U.S. Sens. John Boozman, R-Ark., Tom Cotton, R-Ark, and Jim Inhofe, R-Okla., announced Friday (May 21) a bill to designate U.S. Highway 412, from Interstate 35 in Noble County, Okla., to Interstate 49 in Springdale, as a future interstate.
“Connecting Northwest Arkansas and North Central Oklahoma will encourage economic development along this corridor and expand opportunities for employment in the region,” Boozman said. “I’m proud to join Senator Inhofe and Senator Cotton in designating U.S. Route 412 as a future interstate.”
“Interstates make travel safer and shipping easier,” Cotton said. “Connecting I-49 to I-35 will support NWA’s growth and bring opportunity to all communities in the corridor. I look forward to working with Senators Boozman and Inhofe to designate Route 412 as a future interstate.”
Most major metropolitan areas in the United States have two or more interstate highways connecting their region, but Tulsa and Northwest Arkansas are both served by one interstate highway: Interstate 44 and I-49, respectively, according to a news release. The Tulsa area is expected to grow to more than 1 million people after the 2020 Census, and Northwest Arkansas is growing to more than 500,000 people. The future interstate designation for U.S. 412 is needed to keep pace with the economic growth in the regions, the release shows.
The future interstate route would connect three key interstate freight corridors: I-44, I-35, and I-49. The future interstate route serves two major inland ports: the Tulsa Ports of Catoosa and Inola and Oakley’s Port 33 on the McClellan-Kerr Arkansas River Navigation System. It also is expected to improve access to the Tulsa International Airport and the Northwest Arkansas National Airport (XNA) in Highfill.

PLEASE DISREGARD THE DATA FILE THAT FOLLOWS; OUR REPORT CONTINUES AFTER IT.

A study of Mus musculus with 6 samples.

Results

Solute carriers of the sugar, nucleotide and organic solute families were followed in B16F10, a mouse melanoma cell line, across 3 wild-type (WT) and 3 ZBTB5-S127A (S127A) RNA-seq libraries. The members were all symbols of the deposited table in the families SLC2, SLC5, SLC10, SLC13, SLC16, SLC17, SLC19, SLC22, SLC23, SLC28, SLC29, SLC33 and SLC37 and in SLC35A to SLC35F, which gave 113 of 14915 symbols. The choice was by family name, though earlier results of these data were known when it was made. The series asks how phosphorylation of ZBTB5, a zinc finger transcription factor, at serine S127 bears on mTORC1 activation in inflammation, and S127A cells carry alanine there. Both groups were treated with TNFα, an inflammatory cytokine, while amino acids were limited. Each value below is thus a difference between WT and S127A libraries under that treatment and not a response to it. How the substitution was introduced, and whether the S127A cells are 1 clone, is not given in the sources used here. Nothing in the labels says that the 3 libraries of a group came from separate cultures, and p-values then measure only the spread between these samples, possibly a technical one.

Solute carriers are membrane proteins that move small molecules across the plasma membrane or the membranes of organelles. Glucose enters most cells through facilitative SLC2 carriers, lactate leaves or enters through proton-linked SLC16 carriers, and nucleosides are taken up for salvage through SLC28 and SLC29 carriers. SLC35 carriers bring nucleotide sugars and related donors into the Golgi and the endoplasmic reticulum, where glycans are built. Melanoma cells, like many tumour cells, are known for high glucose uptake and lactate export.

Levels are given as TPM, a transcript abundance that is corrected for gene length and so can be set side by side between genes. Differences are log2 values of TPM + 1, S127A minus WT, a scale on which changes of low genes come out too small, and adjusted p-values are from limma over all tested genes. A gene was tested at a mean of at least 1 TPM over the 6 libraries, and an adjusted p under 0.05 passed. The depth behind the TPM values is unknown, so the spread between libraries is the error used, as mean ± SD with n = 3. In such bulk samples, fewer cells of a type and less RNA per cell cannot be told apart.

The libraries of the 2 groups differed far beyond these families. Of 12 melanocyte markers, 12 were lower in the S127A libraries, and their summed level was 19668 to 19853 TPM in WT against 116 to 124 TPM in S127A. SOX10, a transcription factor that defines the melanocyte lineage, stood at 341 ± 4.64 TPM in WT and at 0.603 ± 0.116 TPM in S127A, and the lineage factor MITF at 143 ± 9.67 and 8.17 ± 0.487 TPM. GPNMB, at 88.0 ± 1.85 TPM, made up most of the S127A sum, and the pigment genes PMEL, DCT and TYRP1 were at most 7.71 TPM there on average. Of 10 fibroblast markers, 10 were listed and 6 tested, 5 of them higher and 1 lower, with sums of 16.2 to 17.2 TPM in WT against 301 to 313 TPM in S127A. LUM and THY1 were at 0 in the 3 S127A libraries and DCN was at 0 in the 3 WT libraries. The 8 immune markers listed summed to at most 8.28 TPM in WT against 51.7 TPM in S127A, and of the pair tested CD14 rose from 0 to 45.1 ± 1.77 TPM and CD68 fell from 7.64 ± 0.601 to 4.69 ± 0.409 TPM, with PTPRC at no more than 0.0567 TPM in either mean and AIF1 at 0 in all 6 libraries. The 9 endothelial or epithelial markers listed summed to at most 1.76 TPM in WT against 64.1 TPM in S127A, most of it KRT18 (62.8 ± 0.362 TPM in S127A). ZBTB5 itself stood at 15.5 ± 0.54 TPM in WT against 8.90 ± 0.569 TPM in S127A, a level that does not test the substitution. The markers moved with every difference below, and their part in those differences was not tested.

The future interstate would improve supply chain connectivity for retail and industrial employers in the region, including energy and aerospace companies in northeast Oklahoma and Walmart in Northwest Arkansas, according to the release.
“Our interstate system is the lifeblood of Oklahoma’s economy and provides the network for companies to bring materials into our critical industries, for businesses to locate in areas convenient for consumers, and for commuters to get to work and school safely and reliably,” Inhofe said. “Designating Route 412 as an interstate would benefit Oklahoma by attracting new businesses, improving safety, enhancing freight mobility and better connecting rural and urban communities. I am proud to introduce this bill today alongside Sens. Boozman and Cotton and look forward to its swift consideration.”
Following stakeholders support the bill: Tulsa Mayor G.T. Bynum; Rich Brierre, director of the Indian National Council of Governments; Tim Gatz, secretary of transportation for the Oklahoma Department of Transportation; and Lorie Tudor, director of the Arkansas Department of Transportation.
On Wednesday (May 26), the Northwest Arkansas Regional Planning Commission Policy Committee is expected to discuss the proposed designation for U.S. 412.
Asked about plans for Highway 412 to bypass Siloam Springs where there are multiple traffic signals and a 45-mph speed limit for several miles, Tim Conklin, assistant director of the Northwest Arkansas Regional Planning Commission, said “interstates/freeways have full control of access and have uninterrupted flow — no traffic signals and no at-grade intersections. The existing U.S. 412 would not be designated as an interstate/freeway today if the facility does not have full control of access and uninterrupted flow. Just as Arkansas has worked for decades to implement the ‘Future I-49’ as an interstate, ArDOT/ODOT studies would have to be completed, projects identified and funding secured to bring portions of U.S. 412 up to interstate standards.”
Link here for the full text of the bill.